The most comforting thing about Sunday night’s “Living Room Concert for America” — an all-star musical fundraiser hosted by Elton John and broadcast on Fox — wasn’t Alicia Keys using her song “Underdog” to salute the first responders putting their lives at risk to protect people from COVID-19. Nor was it the brief message of sympathy Lady Gaga offered folks who’ve already lost loved ones or their jobs — a message that, it’s worth pointing out, squeezed more compassion into 40 seconds than President Donald Trump has mustered in weeks.
Instead, the true reassurance to be had from this socially distanced telethon came from the fact that Mariah Carey appeared to have set up a small electric fan to blow her hair as she sang “Always Be My Baby” in her home studio. It came from Camila Cabello and Shawn Mendes’ eagerness to flirt amid a global pandemic. And it came from the obvious boredom with which Billie Eilish sang her smash “Bad Guy” for what had to have been the zillionth time.
Typical pop-star stuff, in other words — and a welcome reminder of life before (and hopefully after) the pain and disruption caused by the novel coronavirus.
Presented by media conglomerate iHeartRadio on the evening reserved for its annual awards show, Sunday’s one-hour production was basically a more polished rendition of the virtual concerts that countless artists have been playing on social media since the live-music business shut down. In addition to the aforementioned acts, the special featured performances — each shot in a living room or bedroom or some such — by the Backstreet Boys, Foo Fighters’ Dave Grohl, Billie Joe Armstrong of Green Day, Tim McGraw, Sam Smith, Demi Lovato and H.E.R.
It’s a virus-specific approach to the kind of pop-star do-gooder-ism that in previous crises would lead to a telethon (like “A Concert for Hurricane Relief” after Katrina in 2005) or a live benefit gig (like “The Concert for New York City” after 9/11 in 2001). This time those types of large public gatherings are part of the problem, which is how McGraw ended up delivering his song “Something Like That” while perched on the diving board of his enormous swimming pool.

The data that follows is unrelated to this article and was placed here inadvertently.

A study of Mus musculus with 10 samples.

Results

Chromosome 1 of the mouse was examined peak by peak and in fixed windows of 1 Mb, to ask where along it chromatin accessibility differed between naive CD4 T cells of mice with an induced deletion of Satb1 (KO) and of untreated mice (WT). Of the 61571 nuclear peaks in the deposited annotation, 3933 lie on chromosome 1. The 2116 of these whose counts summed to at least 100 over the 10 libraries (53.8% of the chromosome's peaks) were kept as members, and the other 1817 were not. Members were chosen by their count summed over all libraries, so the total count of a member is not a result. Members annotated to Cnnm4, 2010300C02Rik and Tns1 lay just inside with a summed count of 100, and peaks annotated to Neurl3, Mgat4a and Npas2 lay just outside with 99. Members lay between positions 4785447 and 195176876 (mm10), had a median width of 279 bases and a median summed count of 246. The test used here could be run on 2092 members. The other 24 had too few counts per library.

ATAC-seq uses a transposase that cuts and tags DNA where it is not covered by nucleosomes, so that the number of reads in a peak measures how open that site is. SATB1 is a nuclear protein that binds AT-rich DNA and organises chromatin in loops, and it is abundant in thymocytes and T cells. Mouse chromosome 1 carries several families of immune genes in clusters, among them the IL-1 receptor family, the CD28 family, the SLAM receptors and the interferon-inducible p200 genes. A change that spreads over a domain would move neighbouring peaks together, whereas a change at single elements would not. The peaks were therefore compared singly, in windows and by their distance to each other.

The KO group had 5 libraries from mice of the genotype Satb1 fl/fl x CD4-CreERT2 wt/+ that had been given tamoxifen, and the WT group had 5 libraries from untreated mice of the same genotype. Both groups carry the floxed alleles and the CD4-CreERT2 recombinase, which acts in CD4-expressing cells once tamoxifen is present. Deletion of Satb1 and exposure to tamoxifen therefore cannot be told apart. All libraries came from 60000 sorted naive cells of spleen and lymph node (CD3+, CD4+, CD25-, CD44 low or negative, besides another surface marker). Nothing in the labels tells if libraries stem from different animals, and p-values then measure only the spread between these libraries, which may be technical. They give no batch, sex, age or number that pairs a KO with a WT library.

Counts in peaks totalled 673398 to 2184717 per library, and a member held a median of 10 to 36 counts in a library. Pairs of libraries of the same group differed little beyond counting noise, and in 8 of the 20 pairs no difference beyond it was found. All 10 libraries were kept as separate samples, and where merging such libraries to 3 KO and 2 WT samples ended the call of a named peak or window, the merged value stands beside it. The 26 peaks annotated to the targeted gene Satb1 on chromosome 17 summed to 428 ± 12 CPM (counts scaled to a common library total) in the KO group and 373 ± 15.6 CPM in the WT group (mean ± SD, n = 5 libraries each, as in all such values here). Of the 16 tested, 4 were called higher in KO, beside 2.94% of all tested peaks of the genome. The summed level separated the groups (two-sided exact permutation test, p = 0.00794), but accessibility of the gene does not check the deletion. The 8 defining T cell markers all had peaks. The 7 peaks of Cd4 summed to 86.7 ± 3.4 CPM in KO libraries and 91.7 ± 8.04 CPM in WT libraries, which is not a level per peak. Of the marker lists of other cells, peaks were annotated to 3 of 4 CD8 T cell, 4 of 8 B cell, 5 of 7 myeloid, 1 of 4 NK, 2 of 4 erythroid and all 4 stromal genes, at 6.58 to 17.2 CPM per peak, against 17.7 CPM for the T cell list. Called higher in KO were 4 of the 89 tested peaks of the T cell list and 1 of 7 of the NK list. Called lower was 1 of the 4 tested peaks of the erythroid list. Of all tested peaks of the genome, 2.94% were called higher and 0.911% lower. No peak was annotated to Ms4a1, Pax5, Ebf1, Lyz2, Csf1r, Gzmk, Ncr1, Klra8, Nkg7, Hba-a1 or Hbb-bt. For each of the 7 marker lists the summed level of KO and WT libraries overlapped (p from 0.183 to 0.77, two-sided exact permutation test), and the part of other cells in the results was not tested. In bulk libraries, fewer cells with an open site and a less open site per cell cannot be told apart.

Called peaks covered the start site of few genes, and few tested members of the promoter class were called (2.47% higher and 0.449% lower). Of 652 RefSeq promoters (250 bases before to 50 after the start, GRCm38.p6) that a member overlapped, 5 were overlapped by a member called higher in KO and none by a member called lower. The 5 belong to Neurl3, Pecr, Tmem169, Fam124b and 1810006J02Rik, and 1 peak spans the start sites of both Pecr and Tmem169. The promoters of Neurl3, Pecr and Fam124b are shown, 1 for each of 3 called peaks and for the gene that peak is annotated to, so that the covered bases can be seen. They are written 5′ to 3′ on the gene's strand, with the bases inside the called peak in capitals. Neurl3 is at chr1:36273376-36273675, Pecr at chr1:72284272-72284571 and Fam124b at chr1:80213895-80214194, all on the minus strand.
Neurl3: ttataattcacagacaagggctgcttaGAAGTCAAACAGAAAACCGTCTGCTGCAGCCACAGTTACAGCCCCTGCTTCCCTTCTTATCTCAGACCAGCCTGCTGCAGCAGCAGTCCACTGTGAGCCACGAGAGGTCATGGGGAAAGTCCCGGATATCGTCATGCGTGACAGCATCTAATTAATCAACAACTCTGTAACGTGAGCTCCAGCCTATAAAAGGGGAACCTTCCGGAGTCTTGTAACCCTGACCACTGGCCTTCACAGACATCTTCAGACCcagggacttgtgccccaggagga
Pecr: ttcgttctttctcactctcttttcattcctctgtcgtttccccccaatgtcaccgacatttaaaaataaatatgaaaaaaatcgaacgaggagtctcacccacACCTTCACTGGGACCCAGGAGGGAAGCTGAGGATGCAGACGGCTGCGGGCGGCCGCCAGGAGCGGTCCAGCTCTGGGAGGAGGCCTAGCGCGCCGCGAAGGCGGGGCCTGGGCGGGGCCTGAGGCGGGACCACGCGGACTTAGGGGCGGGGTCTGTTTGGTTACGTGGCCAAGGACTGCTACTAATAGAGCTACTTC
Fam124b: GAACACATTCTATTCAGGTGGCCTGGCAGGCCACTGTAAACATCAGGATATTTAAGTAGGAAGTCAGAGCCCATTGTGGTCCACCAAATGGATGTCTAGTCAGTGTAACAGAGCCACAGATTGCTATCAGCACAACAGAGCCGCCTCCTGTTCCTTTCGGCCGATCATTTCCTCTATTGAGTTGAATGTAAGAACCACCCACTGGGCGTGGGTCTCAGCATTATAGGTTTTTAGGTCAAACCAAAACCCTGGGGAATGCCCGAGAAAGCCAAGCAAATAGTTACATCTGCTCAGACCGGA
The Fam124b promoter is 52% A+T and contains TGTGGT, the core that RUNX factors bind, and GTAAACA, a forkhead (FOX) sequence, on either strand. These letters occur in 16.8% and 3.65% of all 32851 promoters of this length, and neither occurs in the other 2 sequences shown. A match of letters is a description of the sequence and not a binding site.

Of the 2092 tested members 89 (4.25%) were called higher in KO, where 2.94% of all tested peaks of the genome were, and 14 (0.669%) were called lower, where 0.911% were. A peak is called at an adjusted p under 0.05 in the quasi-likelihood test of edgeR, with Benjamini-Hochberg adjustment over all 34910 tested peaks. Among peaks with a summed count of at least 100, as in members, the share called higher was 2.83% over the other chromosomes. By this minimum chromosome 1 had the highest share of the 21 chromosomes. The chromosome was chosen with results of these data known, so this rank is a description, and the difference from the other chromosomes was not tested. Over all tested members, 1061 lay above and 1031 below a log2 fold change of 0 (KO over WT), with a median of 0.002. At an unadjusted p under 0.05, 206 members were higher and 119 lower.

For pop fans accustomed to the solidarity that can arise from an in-person audience, this format clearly has its limitations. And Fox and iHeart didn’t help matters by making this show out of taped performances; because the music wasn’t live (as it has been when John Legend and Chris Martin, among many others, have gone on Instagram), you didn’t get to enjoy the thrill of artists working without a net.
Still, the thing had its charms, not least among them the discovery that Brian Littrell of the Backstreet Boys keeps a branded BSB pinball machine in his home. Grohl sounded great in a solo-acoustic take on “My Hero”; Eilish, even slumped on a lumpy sofa, was as precisely nuanced a vocalist as ever. And Carey earned her diva self-treatment with the smiley exuberance we’ve come to rely on her for.
As host, John claimed at the beginning that he’d happily play a song himself … except he was quarantined in the only one of his properties that lacks a piano. By the end, though, he’d laid his hands on a keyboard he said belonged to one of his young sons and busted out a few verses of “Don’t Let the Sun Go Down On Me.”
“When this is over and done, I’ll be out there playing for you again,” he vowed.